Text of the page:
Spain’s flagship department store El Corte Inglés posts record losses

Spain's venerable department store group El Corte Inglés, a barometer of the Spanish economy, reported Friday record annual losses due to pandemic lockdowns and a collapse in tourism.

Spain's flagship department store El Corte Inglés posts record losses
El Corte Inglés. Photo: GABRIEL BOUYS / AFP

One of Spain’s biggest private employers, the company posted a net loss of €2.9 billion ($3.5 billion) in the 12 months to the end of February, compared with a net profit of €310 million in the same period a year earlier.

If massive write-downs of €2.5 billion are excluded, the retailer said its net loss would total €445 million owing to “restrictions imposed due to Covid-19”.

Spain in mid-March 2020 imposed one of the world’s strictest coronavirus lockdowns with people ordered to stay home except to buy food,medicine or to seek medical care. The lockdown measures were only fully removed at the end of June.

“This result is mainly due to the cessation of much of its activity during the lockdown…as well as to the total absence of tourism, both national and international,” the company said in a statement.

El Corte Inglés in February announced a plan to cut between 3,000 and 3,500 jobs through voluntary departures.

Created in 1940 in Madrid, the family-run business swallowed its only other department store competitor in Spain, Galerias Preciados, in 1995.

It has pushed into all areas of Spanish life, selling everything from designer fashion, televisions, car insurance, kitchens, package holidays and hearing aids.

The privately-owned firm owns swathes of property in prime Spanish retail locations as it operates department stores in the centre of virtually every major Spanish city.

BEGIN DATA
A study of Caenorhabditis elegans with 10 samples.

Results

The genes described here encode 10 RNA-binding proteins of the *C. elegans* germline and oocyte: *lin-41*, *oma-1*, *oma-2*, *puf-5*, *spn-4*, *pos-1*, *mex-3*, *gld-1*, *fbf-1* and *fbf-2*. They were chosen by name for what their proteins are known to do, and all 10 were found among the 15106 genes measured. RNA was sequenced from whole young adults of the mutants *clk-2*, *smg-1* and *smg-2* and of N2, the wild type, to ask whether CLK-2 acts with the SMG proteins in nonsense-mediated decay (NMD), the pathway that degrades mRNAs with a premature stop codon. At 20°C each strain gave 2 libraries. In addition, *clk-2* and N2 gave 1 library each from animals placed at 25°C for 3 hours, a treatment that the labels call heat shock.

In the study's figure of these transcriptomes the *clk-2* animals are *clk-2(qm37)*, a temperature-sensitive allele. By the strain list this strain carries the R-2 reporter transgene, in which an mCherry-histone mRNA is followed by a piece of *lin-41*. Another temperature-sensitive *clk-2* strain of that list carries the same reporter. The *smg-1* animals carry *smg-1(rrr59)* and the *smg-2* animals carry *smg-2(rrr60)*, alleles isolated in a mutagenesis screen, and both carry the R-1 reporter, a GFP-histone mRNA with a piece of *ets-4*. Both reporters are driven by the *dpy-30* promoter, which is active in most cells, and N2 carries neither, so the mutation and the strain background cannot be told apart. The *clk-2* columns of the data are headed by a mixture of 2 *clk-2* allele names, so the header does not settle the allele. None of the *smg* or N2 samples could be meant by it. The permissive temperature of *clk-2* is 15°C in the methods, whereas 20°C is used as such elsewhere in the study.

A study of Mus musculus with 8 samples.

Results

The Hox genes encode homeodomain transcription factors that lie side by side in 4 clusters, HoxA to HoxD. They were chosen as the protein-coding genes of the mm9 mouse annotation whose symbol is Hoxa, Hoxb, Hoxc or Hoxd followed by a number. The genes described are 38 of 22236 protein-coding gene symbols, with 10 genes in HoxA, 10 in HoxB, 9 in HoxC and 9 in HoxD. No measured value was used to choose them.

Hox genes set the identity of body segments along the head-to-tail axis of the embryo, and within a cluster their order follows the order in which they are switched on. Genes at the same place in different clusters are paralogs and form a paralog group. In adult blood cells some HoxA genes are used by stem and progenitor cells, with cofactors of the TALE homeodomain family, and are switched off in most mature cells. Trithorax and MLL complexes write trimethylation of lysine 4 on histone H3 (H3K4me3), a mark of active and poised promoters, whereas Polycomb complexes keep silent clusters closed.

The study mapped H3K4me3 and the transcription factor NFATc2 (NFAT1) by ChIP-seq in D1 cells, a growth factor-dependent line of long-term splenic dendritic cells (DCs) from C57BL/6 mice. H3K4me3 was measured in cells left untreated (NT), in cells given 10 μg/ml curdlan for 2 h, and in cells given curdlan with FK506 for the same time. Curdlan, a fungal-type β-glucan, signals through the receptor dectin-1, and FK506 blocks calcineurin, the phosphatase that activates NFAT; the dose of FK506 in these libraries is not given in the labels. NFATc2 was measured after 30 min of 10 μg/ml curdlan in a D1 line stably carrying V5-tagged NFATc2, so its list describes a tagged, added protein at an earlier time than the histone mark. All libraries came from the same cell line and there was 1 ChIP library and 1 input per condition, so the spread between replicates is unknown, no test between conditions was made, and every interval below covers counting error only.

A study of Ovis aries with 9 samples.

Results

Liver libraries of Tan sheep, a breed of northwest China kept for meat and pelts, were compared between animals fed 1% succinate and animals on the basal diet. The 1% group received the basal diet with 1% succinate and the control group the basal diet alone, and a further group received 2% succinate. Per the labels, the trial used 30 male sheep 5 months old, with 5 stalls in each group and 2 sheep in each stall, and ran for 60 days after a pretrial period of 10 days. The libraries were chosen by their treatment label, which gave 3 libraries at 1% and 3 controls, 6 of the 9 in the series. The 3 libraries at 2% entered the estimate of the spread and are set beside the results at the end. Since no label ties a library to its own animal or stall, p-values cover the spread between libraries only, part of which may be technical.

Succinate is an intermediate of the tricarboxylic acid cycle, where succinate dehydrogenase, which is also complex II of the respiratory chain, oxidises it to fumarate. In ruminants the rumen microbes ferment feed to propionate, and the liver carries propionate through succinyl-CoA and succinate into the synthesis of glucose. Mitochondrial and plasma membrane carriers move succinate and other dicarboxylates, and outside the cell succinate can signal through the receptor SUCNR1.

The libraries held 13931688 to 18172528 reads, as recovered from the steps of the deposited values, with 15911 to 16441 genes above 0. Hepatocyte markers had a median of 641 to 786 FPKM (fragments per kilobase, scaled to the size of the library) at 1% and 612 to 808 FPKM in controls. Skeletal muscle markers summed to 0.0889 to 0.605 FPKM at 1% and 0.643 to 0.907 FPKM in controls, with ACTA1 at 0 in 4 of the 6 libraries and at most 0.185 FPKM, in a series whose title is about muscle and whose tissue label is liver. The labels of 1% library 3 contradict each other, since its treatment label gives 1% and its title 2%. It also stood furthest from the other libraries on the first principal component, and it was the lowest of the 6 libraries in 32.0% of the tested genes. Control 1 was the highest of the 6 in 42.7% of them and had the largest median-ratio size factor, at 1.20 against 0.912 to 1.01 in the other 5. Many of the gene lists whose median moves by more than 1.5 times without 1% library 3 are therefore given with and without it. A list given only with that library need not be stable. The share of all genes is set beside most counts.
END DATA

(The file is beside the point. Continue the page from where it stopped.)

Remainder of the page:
Spain’s economy contracted sharply by 10.8 percent in 2020, one of the worst performers in the eurozone, with its key tourism sector battered by the pandemic travel restrictions.

The government expects the economy will expand by 6.5 percent in 2021.


Italy expands €200 payment scheme and introduces public transport bonus

Italy's government will extend its proposed one-time €200 benefit to more people and introduce a €60 public transport payment, Italian media reported on Thursday.

Italy expands €200 payment scheme and introduces public transport bonus

Seasonal workers, domestic and cleaning staff, the self-employed, the unemployed and those on Italy’s ‘citizens’ income’ will be added to the categories of people in Italy eligible for a one-off €200 payment, ministers reportedly announced on Thursday evening.

The one-time bonus, announced earlier this week as part of a package of financial measures designed to offset the rising cost of living, was initially set to be for pensioners and workers on an income of less than €35,000 only.

However the government has now agreed to extend the payment to the additional groups following pressure from Italy’s labour, families, and regional affairs ministers and representatives of the Five Star Movement, according to news agency Ansa.

Pensioners and employees will reportedly receive the €200 benefit between June and July via a direct payment into their pension slip or pay packet.

For other groups, a special fund will be created at the Labour Ministry and the procedures for claiming and distributing payments detailed in an incoming decree, according to the Corriere della Sera news daily.

One new measure introduced at the cabinet meeting on Thursday is the introduction of a one-time €60 public transport bonus for students and workers earning below €35,000. The bonus is reportedly designed to encourage greater use of public transport and will take the form of an e-voucher that can be used when purchasing a bus, train or metro season pass.

Other provisions reportedly proposed in the energy and investment decree (decreto energia e investimenti), which is still being adjusted and amended, include extending energy bill discounts, cutting petrol excise duty and rolling on the deadline to claim Italy’s popular ‘superbonus 110’.

The €14 billion aid package, intended to lessen the economic impact of the war in Ukraine, will “fight the higher cost of living” and is “a temporary situation”, Prime Minister Mario Draghi has said.

The Local will report further details of the payment scheme once they become available following final approval of the decree.